It’s hot out. Too hot. But is it too hot to exercise?

This is the question facing both professional and amateur athletes as July rolls across the Northern hemisphere. Recently, players in the Italy vs. Costa Rica match at this year’s World Cup in Manaus, Brazil needed to take the Cup’s first-ever “hydration break” to deal with the heat and humidity of the Brazilian rainforest surrounding the pitches.

Much of the World Cup coverage has focused on what the athletes should be drinking to remain properly hydrated, which is part of an ongoing conversation in athletics about the benefits of water vs. sports drinks and vice versa. When LeBron James had his recent cramp-up during his finals game, the cramping was attributed to his poor hydration or dehydration. Pundits wondered if he was drinking the “right” fluids, or simply not enough, causing his body to enter what’s called “osmotic shock,” or a critical imbalance of electrolytes in the body. Electrolytes help the nervous system communicate with the rest of the body, and an imbalance in those electrolytes can cause stiffness and cramping. But one problem with the LeBron James story is that James was drinking Gatorade, an electrolyte-enhanced sports drink, at the time he cramped up.

The other problem? Gatorade sponsors most of the research into the effects of dehydration on athletes. So everything we think we know about dehydration, cramping, and electrolytes was at one time funded by people trying to sell us more electrolytes.

This doesn’t mean you should stop hydrating during exercise. Water is good for you. It plumps the tissues in the skin and the brain, and helps your lymphatic system push toxins and bacteria out of the body. And electrolytes are also good for you, as anyone who has survived a particularly indulgent bachelorette party probably already knows. But hydration isn’t the alpha and omega of athletic performance, and it can’t stand up to other very important factors: heat and size.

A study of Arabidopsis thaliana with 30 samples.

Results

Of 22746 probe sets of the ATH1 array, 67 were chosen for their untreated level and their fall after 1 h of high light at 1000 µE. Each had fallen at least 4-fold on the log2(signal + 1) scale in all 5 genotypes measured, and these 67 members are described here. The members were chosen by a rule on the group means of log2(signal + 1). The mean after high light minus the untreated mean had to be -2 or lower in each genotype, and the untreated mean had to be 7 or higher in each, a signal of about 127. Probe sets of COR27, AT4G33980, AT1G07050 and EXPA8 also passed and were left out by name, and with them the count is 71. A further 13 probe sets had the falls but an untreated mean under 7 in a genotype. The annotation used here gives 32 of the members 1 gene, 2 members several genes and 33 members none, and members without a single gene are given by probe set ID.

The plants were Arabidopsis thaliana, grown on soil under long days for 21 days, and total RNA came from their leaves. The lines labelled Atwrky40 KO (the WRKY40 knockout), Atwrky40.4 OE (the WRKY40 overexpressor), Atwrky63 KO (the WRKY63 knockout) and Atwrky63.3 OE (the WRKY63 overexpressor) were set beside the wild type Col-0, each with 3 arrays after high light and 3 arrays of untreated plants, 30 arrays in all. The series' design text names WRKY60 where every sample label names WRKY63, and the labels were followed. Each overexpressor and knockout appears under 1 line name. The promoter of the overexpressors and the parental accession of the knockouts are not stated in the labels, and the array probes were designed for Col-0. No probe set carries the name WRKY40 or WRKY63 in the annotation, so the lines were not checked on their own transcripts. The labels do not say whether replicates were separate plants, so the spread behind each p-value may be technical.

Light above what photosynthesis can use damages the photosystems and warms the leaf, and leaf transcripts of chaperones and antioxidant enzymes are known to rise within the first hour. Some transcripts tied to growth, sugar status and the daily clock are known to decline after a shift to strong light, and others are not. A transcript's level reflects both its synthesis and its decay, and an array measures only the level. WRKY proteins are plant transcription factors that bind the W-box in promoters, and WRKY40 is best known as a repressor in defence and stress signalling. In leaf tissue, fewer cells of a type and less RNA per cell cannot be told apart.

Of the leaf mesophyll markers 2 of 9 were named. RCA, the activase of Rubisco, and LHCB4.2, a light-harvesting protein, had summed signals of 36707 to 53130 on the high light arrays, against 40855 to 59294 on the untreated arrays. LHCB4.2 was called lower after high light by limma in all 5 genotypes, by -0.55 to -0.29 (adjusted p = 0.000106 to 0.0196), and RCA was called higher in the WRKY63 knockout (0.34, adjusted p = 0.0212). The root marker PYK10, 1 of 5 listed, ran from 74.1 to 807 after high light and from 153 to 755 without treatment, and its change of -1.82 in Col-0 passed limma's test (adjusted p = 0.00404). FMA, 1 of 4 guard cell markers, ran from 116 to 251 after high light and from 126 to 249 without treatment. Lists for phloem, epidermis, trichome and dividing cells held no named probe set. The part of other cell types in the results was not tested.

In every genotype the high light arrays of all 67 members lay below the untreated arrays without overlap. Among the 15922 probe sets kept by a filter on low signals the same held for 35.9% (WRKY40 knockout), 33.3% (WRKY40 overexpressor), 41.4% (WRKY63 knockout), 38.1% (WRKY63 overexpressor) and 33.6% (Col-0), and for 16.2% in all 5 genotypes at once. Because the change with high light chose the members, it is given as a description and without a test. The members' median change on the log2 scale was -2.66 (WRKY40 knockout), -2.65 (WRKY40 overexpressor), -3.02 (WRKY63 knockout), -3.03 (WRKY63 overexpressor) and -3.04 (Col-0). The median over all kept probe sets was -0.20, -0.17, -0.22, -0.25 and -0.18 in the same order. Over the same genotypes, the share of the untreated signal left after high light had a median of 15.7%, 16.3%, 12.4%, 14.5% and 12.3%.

Able-bodied adults can perform athletically within a range that extends up to 104F/40C. Beyond that point, the brain starts to have trouble sending signals to the body, just like it does when you have a dangerously high fever. (104F/40C is also the temperature that should send you to the emergency room, if it shows up on your thermometer.) Basically, at that temperature the brain tells the body to stop moving. But that exchange happens faster when you’re a bigger person, because larger bodies don’t have a favourable surface area : volume ratio. Smaller bodies disseminate heat faster, which is why people with smaller frames are always cold. But larger athletes (like LeBron) can’t disseminate that heat as quickly, so they cramp up faster.

So what does this mean for exercising outside? It means that unless you’re a tiny marathon runner, you’re better off hitting the gym and exercising indoors. We keep our gyms cool and our classes hot, so you can get the best workout possible without worrying about sunscreen, cramps, dehydration, or needing to take a rest on the side of two-lane blacktop. We’d love to see you, this summer. Come by and say hello!